October is Dyslexia Awareness Month

To raise awareness about the struggles associated with dyslexia, we spoke with Melissa Hannah, Educational and Language Therapist in our new Foundations Program. The Foundations Program was designed to address the educational needs of students in grades 6-12, with the primary diagnosis of dyslexia or other language-based learning differences.

Melissa was the founder of the first and only fully accredited private school for individuals with language-based learning disabilities (Dyslexia, Dysgraphia, and Dyscalculia) in the state of Arkansas. She is a certified Speech Language Pathologist and Academic Language Therapist. Melissa has extensive experience providing diagnostic evaluations and screenings as well as individual and group therapy for school-age children. She has received specialized training in Multisensory Math, Sequential English Education, The Dubard Association Method, and numerous special education instructional methodologies. She has taught at the University of Central Arkansas and is the founder of H.E.R.E. which is dedicated to designing quality continuing education for parents, educators, speech language pathologists, and related professionals. In addition to providing daily group language therapy for our students, Melissa provides support for CAC teachers and performs diagnostic evaluations.

How many people are affected by dyslexia?  How common is it?

Dyslexia is one of the most common language-based learning disabilities. One out of five individuals is dyslexic.

CAC recently launched the new Foundations Program. Can you tell us a little bit about the program and how it equips students for academic success?

The Foundations Program is designed to not only provide much-needed academic support but to also remediate deficits in language and math to ensure success both academically and in life. The Language Arts and math classes are 70 minutes long instead of just 45 which allows for teachers to have built-in extra time for the students. The class sizes are also smaller with 4-10 students in classes. The program also includes the language and literacy class which is a specific class for addressing weaknesses in reading, language and comprehension. No other school that I am aware of has a built-in intervention class. Most schools allow parents to have dyslexia interventionists to come in 2-3 times a week but no one has a specific class taught by a qualified professional 5 days a week for 45 minute periods. We are using a proven dyslexia intervention curriculum in those classes. These are the classes that I teach. Students have accommodation plans which is common practice for schools but ours are tailored to meet their needs both in the Foundations classes but also the other classes. The goal is to provide the support and intervention needed to remediate deficits and teach compensatory strategies so they can transition to more traditional classes when ready. All of the staff is highly trained and specialized in their content areas which makes a huge difference in the content taught and how it is delivered.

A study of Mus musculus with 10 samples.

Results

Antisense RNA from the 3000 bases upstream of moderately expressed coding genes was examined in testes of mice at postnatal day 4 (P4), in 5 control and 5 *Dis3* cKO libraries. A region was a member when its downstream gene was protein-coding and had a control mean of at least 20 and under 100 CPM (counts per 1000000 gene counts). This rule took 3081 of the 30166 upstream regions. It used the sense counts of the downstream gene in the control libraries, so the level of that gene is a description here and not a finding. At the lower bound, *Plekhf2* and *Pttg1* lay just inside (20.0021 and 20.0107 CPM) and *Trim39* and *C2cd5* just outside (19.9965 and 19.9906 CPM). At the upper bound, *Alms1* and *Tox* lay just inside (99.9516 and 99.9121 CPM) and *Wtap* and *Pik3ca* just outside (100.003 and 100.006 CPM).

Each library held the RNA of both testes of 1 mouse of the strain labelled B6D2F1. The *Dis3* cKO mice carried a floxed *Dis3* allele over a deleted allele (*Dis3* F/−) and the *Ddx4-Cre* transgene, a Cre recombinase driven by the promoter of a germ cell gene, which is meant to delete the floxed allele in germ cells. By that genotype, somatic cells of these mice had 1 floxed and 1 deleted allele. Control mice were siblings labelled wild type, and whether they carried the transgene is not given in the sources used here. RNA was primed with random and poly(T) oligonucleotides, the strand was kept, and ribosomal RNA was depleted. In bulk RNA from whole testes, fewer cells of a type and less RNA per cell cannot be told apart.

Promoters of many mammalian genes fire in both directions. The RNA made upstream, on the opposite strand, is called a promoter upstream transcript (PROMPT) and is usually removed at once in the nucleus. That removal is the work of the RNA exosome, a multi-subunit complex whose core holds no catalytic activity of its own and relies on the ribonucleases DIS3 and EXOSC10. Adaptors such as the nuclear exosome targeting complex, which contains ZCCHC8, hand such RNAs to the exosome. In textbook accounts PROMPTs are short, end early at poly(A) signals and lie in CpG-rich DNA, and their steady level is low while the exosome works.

As an educator, what would you say to a student who is struggling or feels like their dyslexia may be too big of a hurdle to overcome?

Many students feel this way because they do not understand or have the opportunities at school to celebrate their strengths. Many students get overwhelmed by the daily tasks the get lost in how hard things are as opposed to how to attack the work using their strengths. That is one thing we teach them in the Foundations program. They also see it as a disability and although it is classified as such it is a neurological difference not a deficit. The brain processes written information differently unless educated in a specific way which is what we are doing especially with the L&L classes. Once the instruction addresses the specific weaknesses, we actually rewire the brain to process written information in a more neurotypical fashion. The most important aspect is to teach them how to work with their strengths and weaknesses because they are beautifully and wonderfully made and not broken. I am dyslexic as well and didn’t know until I was an adult. I spent many years believing I was dumb and not capable. The Foundations program is proving to the students not only are they capable but they are gifted.

Do you have any advice for students who have been diagnosed with dyslexia?

It is important to understand what dyslexia is and is not. It is not something bad or something to be ashamed of. There are many gifts that come with dyslexia and without the dyslexia they would lose those gifts. So, it is a blessing that just requires different or rather specific instruction in certain areas. It also requires kids to learn tools and strategies so they work with their strengths and not weaknesses.

Please check back throughout the month of October as we share more about Dyslexia Awareness Month.